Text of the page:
Fort Cavazos
Fort Hood is now officially Fort Cavazos. Photo: Eric Franklin/ U.S. Army.

Fort Hood is no more. It’s now Fort Cavazos in Killeen, Texas



Instead, it would become the first U.S. Army base in the country that would honor a Hispanic servicemember. That man was Richard Edward Cavazos, the first Hispanic four-star general in U.S. Army history, and a man known for his heroics during the Korean War.

After an almost year-long process that began with a recommendation made by Congress’ new Naming Commission — created to rename U.S. Army bases that honor Confederate figures — Fort Hood officially became Fort Cavazos on Tuesday, May 9.

Who was Richard Edward Cavazos?

Cavazos the four-star general was born in Kingsville, Texas in 1929. For college, Cavazos studied geology at Texas Tech University, graduating in 1951 and then went on to complete his basic officer training at Fort Benning, Georgia. 

He was then deployed to Korea, where he served as a platoon leader and member of the 65th Infantry Regiment — also known as ‘The Borinqueneers,’ for its majority Puerto Rican makeup. Cavazos was Mexican-American, and went on to receive both the Silver Star and Distinguished Service Cross for his heroics leading on the battlefield.

In the Vietnam War, Cavazos was lieutenant colonel and then attained the rank of commander. His heroics there, specifically at the first battle of Loc Ninh, earned him another Distinguished Service Cross.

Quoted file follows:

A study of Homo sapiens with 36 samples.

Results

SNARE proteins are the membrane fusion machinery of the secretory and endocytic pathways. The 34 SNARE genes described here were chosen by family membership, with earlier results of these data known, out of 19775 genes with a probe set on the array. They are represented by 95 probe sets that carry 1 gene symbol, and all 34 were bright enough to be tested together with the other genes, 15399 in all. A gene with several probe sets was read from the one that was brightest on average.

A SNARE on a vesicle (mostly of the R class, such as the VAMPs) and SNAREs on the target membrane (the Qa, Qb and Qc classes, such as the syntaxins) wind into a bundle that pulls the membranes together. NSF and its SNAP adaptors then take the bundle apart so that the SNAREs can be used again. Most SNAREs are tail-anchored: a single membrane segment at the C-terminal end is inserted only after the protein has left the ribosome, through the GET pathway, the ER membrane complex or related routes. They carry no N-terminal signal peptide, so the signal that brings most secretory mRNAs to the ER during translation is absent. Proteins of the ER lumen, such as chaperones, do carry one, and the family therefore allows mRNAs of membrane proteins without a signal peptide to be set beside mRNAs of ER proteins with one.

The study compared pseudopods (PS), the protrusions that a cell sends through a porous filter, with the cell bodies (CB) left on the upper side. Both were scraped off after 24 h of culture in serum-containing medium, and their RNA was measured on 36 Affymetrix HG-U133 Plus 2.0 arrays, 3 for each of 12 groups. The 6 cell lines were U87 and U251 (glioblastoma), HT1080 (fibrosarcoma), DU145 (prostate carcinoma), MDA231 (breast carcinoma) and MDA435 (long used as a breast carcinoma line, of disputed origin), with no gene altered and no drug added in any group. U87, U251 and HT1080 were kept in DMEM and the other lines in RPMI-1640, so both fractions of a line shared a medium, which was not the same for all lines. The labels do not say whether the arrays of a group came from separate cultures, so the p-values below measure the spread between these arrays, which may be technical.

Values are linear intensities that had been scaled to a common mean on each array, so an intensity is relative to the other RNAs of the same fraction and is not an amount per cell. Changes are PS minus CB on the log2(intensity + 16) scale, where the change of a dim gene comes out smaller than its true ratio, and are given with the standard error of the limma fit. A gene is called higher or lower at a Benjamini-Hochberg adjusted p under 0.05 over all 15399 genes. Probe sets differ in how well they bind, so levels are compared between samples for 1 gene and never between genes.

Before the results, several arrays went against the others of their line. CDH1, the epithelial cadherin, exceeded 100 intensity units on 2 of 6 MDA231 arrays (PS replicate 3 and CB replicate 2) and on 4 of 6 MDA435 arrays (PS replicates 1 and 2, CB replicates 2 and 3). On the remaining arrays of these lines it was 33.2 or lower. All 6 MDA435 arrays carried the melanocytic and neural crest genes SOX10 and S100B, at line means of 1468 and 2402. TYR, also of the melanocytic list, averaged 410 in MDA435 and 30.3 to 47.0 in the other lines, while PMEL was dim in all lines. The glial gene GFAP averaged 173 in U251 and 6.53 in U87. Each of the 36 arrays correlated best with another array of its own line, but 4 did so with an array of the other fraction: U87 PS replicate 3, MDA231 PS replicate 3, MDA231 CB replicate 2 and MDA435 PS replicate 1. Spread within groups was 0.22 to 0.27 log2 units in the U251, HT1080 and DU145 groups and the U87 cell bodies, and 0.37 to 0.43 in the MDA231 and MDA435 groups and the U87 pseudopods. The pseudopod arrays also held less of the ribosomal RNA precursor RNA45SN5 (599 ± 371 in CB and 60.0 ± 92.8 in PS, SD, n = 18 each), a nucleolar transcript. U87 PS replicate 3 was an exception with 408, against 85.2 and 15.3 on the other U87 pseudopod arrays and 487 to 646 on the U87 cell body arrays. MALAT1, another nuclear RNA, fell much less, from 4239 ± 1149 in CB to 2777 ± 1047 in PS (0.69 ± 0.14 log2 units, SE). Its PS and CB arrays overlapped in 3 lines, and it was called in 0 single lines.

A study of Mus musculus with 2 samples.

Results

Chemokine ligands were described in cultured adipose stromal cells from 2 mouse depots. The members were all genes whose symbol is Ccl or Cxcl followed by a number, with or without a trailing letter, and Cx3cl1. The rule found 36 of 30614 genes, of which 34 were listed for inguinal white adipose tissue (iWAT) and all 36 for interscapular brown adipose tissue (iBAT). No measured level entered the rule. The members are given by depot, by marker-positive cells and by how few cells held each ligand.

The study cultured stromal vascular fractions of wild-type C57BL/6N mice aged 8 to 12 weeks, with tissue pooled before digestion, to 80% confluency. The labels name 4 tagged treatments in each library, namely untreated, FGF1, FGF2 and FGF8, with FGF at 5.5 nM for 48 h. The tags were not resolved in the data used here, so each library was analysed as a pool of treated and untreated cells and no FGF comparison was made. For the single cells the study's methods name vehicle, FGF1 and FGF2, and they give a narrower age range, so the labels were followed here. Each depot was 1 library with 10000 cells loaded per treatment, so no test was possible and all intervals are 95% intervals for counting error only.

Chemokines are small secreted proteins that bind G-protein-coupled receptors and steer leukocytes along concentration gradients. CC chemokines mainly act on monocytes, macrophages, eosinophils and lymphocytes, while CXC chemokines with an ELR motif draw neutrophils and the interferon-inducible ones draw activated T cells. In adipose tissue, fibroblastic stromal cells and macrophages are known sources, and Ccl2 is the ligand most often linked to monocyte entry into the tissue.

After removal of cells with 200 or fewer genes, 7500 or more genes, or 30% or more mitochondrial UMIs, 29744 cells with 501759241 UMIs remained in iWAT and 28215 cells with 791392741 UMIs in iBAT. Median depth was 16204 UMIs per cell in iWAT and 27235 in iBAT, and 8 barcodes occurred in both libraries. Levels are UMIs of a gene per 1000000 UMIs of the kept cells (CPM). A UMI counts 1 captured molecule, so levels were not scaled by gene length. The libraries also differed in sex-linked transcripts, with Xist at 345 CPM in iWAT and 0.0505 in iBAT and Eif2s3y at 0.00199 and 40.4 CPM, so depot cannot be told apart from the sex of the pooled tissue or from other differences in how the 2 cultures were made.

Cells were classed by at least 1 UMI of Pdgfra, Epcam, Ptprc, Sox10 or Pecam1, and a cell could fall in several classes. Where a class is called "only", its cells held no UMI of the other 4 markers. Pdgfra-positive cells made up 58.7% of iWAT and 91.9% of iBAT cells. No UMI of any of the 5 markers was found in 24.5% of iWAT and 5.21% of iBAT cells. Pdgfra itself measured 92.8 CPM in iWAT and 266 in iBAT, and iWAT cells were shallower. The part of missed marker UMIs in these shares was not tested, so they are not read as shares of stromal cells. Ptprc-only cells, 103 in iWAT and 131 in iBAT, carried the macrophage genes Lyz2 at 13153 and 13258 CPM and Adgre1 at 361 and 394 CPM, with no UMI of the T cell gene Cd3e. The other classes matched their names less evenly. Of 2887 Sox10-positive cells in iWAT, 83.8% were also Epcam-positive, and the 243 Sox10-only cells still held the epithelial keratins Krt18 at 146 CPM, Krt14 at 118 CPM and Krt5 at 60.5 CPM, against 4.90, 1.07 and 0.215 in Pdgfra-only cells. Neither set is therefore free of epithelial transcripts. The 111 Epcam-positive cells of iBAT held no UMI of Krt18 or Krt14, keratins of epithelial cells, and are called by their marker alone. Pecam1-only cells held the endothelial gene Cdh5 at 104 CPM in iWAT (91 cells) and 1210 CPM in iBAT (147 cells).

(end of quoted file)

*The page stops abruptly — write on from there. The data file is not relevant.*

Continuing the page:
After Vietnam, Cavazos continued serving as a commander until making his first history in the U.S. Army as a Hispanic servicemember. In 1976, he became the first Hispanic servicemember to reach the rank of brigadier general in U.S. Army history.

Six years later, he would finally be named the first Hispanic four-star general in U.S. Army history. Cavazos would retire from the military on June 17, 1984.

That history-making also ran in his family, as his brother, Lauro Cavazos, would become the first Hispanic ever appointed to a presidential cabinet in 1988. President Ronald Reagan made Lauro his Secretary of Education and George H.W. Bush would keep him there as part of his own administration until Lauro resigned in 1990.

In response to the base now officially going as Fort Cavazos, U.S. Rep. Joaquin Castro — one of the legislators at the front of the push for a name change — honored the Hispanic servicemember’s legacy in a tweet.

“Today, Fort Hood was renamed for San Antonio’s Richard Cavazos – the first Mexican American to reach the rank of four-star general in the Army,” Castro wrote. “Gen. Cavazos inspired generations of troops with his integrity and courage. Starting today, Ft. Cavazos proudly bears his name.”

For the newly-named Fort Cavazos, it also potentially marks a new beginning for a base that’s seen more than enough tragedy and scandal over the last decade-plus.

In 2009, a mass shooting took 13 lives and injured 32, and another plot in 2011 was foiled. More shootings rocked the base in 2014, but since then Fort Hood (now Cavazos) has sat at the center of discussion around sexual assault and harassment on U.S. Army bases. 

A sergeant was discharged in 2014 for running a prostitution ring, but real waves began in 2020 after the disappearance and murder of Vanessa Guillén, who was killed by a fellow servicemember. Before her disappearance, Guillén told family members that she was being sexually harassed by an unnamed sergeant at the base.

The resulting investigation into Guillén’s case shook the U.S. Army and its culture to its core. It not only disciplined 14 commanders and other leaders at the base for “leadership” failures, but also got Congress involved to pass parts of the I Am Vanessa Guillén Act as part of a bigger bill. It brought more protections for victims of sexual violence.